Solo Classical Guitar EP (Free)

To download this EP, either: 1)Right-click, "save as" all tracks and album cover pdf files below, or 2) Download and unzip the file "classical_guitar_ep.zip".

1. Prelude No. 1 (H. Villa-Lobos) (5:06)
2. Mood for a Day* (S. Howe) (2:40)
3. Prelude adapted from unaccompanied Cello Suite #1 (J.S. Bach) (3:29)
4. Ena's Song (S. Unruh) (2:15)
5. Cuatro Diferencias sobre “Guárdame las Vacas” (L. de Narvaez) (3:07)
6. Romance (Anonymous) (3:04)
7. Gavottes adapted from unaccompanied Cello Ste #6 (J.S. Bach) (4:48)


Entire album in a single 47 MB zip file (for you overnight downloaders and high-speed internet people):

Album Notes:

All pieces performed by Steve Unruh. Recorded December, 2005.

As a "multi-instrumentalist," I have a love/hate relationship with classical guitar. I love the timbre of classical guitar (or "Spanish nylon-string guitar" as it could more precisely be called). It has a wide variety of tones, ranging from dark and subtle to high-energy percussive. And, guitars are the only popular instruments I know that are equally well-suited to "note shaping" as well as voicing chords. So, classical guitar combines music theory and human expression in a wonderfully successful way. All this in the body of a humble little instrument - light weight, small, and relatively inexpensive (as far as classical instruments go, anyway). Classical guitar has a large and varied repertoire of musical pieces, from centuries-old folk songs and early Western classical pieces (where you can observe the composers just starting to figure out modern music theory), ranging all the way to modern avante-garde and incredibly-challenging adaptations of some of the world's most difficult piano music. Plus, classical guitar is a superb guitar-learning tool, and I always get a real thrill in those rare moments when I nail the performance of a piece, and it sounds just how I had in mind.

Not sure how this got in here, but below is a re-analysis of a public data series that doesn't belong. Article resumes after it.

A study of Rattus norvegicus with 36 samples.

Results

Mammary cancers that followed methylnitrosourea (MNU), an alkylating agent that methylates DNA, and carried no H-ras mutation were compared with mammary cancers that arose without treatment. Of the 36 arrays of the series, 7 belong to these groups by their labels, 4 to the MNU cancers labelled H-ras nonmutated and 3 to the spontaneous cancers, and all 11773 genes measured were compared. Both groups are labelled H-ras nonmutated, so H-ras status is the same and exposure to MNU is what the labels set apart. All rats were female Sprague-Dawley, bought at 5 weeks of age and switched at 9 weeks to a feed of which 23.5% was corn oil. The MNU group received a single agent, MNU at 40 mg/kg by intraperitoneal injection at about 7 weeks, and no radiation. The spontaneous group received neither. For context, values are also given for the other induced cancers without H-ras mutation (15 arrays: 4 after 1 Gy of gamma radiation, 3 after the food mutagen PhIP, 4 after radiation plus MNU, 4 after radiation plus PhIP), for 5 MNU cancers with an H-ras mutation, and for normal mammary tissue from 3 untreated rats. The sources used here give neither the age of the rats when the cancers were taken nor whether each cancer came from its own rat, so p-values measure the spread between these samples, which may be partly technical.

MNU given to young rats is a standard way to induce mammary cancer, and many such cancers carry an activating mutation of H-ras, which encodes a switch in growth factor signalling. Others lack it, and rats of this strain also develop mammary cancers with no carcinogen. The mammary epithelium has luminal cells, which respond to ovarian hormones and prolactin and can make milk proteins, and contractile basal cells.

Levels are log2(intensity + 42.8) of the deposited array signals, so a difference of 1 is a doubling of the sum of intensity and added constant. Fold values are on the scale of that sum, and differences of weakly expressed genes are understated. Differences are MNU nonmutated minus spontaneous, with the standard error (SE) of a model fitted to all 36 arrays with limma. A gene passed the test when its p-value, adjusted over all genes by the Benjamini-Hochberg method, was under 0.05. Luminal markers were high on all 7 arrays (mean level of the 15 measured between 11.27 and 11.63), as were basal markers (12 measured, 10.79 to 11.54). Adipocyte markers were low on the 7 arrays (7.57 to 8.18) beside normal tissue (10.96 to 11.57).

But, enough praise. There's also the "hate" part of the relationship! Playing classical guitar means being reminded, over and over again, that I 'm still not "good enough." Maybe next year I'll be good enough? (Nope.) There is tremendous frustration associated with the hours, weeks, months, years... required to learn to play a piece properly. Fifteen years of practicing classical guitar on-and-off, and I don't even have 2 hours' repertoire of professional level pieces ready for performance. Sometimes when I play, I can almost feel my neurons start to tear apart. My memory for the deluge of required chord shapes can go blank in the middle of a performance. My fingers can become cold or clammy under this bizarre self-inflicted stress - trying to perfect a piece which completely pushes my mental limits. My playing is susceptible to changes in humidity, how much coffee I've had (usually a lot), if I've eaten properly, and lately I've started to notice even barometric pressure. Talk about being finnicky.

Therefore, I do not perform solo classical guitar shows, and have no intention of ever doing so. So, behold! The "Steve Unruh Solo Classical Guitar EP." This EP is the pefect outlet for my classical guitar music, because I had limitless takes in my home studio to get the performances "right." No stress! And, no schedule, so if my fingers didn't cooperate one day, I could come back another day. The album length is short, allowing me to only include the pieces I felt were truly ready for public display. I didn't feel justified in charging money for my classical guitar playing when so many great recordings exist by musicians like Julian Bream, John Williams, Andres Segovia, Elliot Fisk, Manuel Barrueco... So, I'm offering this little album for free, in the hope you'll enjoy listening to it, and in the hope that the performances, at least for once, were all "good enough."

*Note: ASCAP. My understanding is I'm legally allowed to post my version of "Mood for a Day" because this EP is free. If Steve Howe requests I remove it, I will. And then I will cry.